US residential solar to boom amidst homeowner energy concerns and IRA tailwinds – Aurora Solar


The residential solar industry in the US will be set for a growth spurt in 2023 and beyond as homeowner concerns combine with the blossoming impacts of the Inflation Reduction Act (IRA). So says the first Solar Industry Snapshot report from solar PV software provider Aurora Solar.

77% of US homeowners either already have solar arrays installed or are interested in doing so, and one in ten reported that they had residential modules fitted in the last year, according to the report. Perhaps the more striking view of that number is that just 27% of the homeowners in the survey weren’t considering residential solar.


A report from Wood Mackenzie last year showed that the US residential sector was in a sustained ‘growth mode’, which was corroborated by statistics that the firm released in collaboration with the Solar Energy Industries Association (SEIA) showing that residential solar was the only US market segment to see a year-on-year installation capacity rise in 2022.

Aurora Solar’s “snapshot” surveyed 1,000 adult US homeowners and 889 solar professionals to get a picture of the state of the industry, as well as drawing on its own database of over six million solar installations nationwide that utilise its software and optimisation technology.

The extent of the IRA’s effects will take years to realise and some specifics are still being untangled, but Aurora said that over 45% of installers have seen increased interest directly as a result of the bill, and a further 40% expect to in the fullness of time. The most attractive measure is reportedly the Investment Tax Credit (ITC), which was extended until 2032 under the IRA and gives residential solar adopters a credit of 30% on their federal income taxes.

62% of the survey participants said that they expected energy prices to keep rising; they’ve already risen faster than inflation, which is rising fast. A further 48% said that power outages through weather events would push them towards solar. The two figures speak to a desire for personal energy security and independence, a theme which was echoed in a report on Germany’s residential solar sector which saw a 52% rise in residential solar-plus-storage deployments last year for many of the same reasons.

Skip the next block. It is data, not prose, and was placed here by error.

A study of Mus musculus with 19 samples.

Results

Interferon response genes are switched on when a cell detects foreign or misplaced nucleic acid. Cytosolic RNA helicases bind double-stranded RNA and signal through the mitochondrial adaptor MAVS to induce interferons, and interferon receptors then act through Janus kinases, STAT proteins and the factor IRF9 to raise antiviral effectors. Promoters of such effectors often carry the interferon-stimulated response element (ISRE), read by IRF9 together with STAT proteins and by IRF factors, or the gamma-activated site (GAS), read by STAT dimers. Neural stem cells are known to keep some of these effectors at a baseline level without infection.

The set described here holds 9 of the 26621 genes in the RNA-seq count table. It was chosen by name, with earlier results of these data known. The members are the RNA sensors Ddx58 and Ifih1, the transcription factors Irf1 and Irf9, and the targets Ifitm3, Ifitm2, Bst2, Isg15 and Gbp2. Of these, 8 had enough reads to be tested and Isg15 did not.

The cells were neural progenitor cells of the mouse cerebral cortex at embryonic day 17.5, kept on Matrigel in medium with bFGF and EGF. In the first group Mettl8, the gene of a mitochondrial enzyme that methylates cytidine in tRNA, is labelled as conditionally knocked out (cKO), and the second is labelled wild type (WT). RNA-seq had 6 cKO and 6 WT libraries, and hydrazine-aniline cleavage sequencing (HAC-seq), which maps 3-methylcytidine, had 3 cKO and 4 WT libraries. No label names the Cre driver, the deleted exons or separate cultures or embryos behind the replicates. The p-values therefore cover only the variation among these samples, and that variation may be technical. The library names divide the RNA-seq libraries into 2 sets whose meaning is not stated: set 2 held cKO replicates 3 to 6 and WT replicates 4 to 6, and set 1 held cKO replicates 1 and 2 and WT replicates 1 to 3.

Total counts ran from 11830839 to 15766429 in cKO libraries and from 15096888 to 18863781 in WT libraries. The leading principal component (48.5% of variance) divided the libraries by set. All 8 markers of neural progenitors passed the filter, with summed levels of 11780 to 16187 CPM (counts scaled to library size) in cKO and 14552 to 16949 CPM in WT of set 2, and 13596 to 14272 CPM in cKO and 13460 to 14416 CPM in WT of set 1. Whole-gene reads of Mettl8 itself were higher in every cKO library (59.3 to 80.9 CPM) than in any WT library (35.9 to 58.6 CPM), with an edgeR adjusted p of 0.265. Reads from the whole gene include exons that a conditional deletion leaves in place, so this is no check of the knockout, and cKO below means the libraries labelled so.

However, the sunny forecast of Aurora Solar’s snapshot isn’t the whole story. Whilst money is a push factor towards solar, it’s also what prevents some people from opting in. The price of a residential array isn’t inconsiderable, and additions like battery storage only increase the cost.

This was a key concern of industry commentators reacting to California’s net metering 3.0 bill late last year, which was designed to heavily incentivise battery storage by slashing the export rates that consumers receive for selling power back to the grid. PV Tech Premium spoke to California industry players who argued that many consumers would be priced out of going solar altogether between the increase in cost of battery systems and lessened export rate incentive.

Earlier this year, PV Tech Premium spoke with US-based Aurora Solar about the benefits of AI monitoring technology for reducing the soft costs of residential solar.

The snapshot report also highlighted a number of perceptions that consumers held that had prevented them from installing solar panels. Chief among these is the belief that they don’t have enough solar resources, that panels are less efficient in the winter. This isn’t true. Concerns were also around the installation process, maintenance and implications for reselling the property. Aurora said that greater awareness of financing options and a clearer dialogue with installers would go some way to alleviating these misconceptions.

In terms of the developers, the main problem seems to be meeting demand. Supply chain issues in the US are well-documented, and are set to only alleviate slightly over this year. The second problem was available labour. The IRA is looking to swoop in and solve both of these problems, with its domestic manufacturing incentives and the swathe of employment created on the back of that.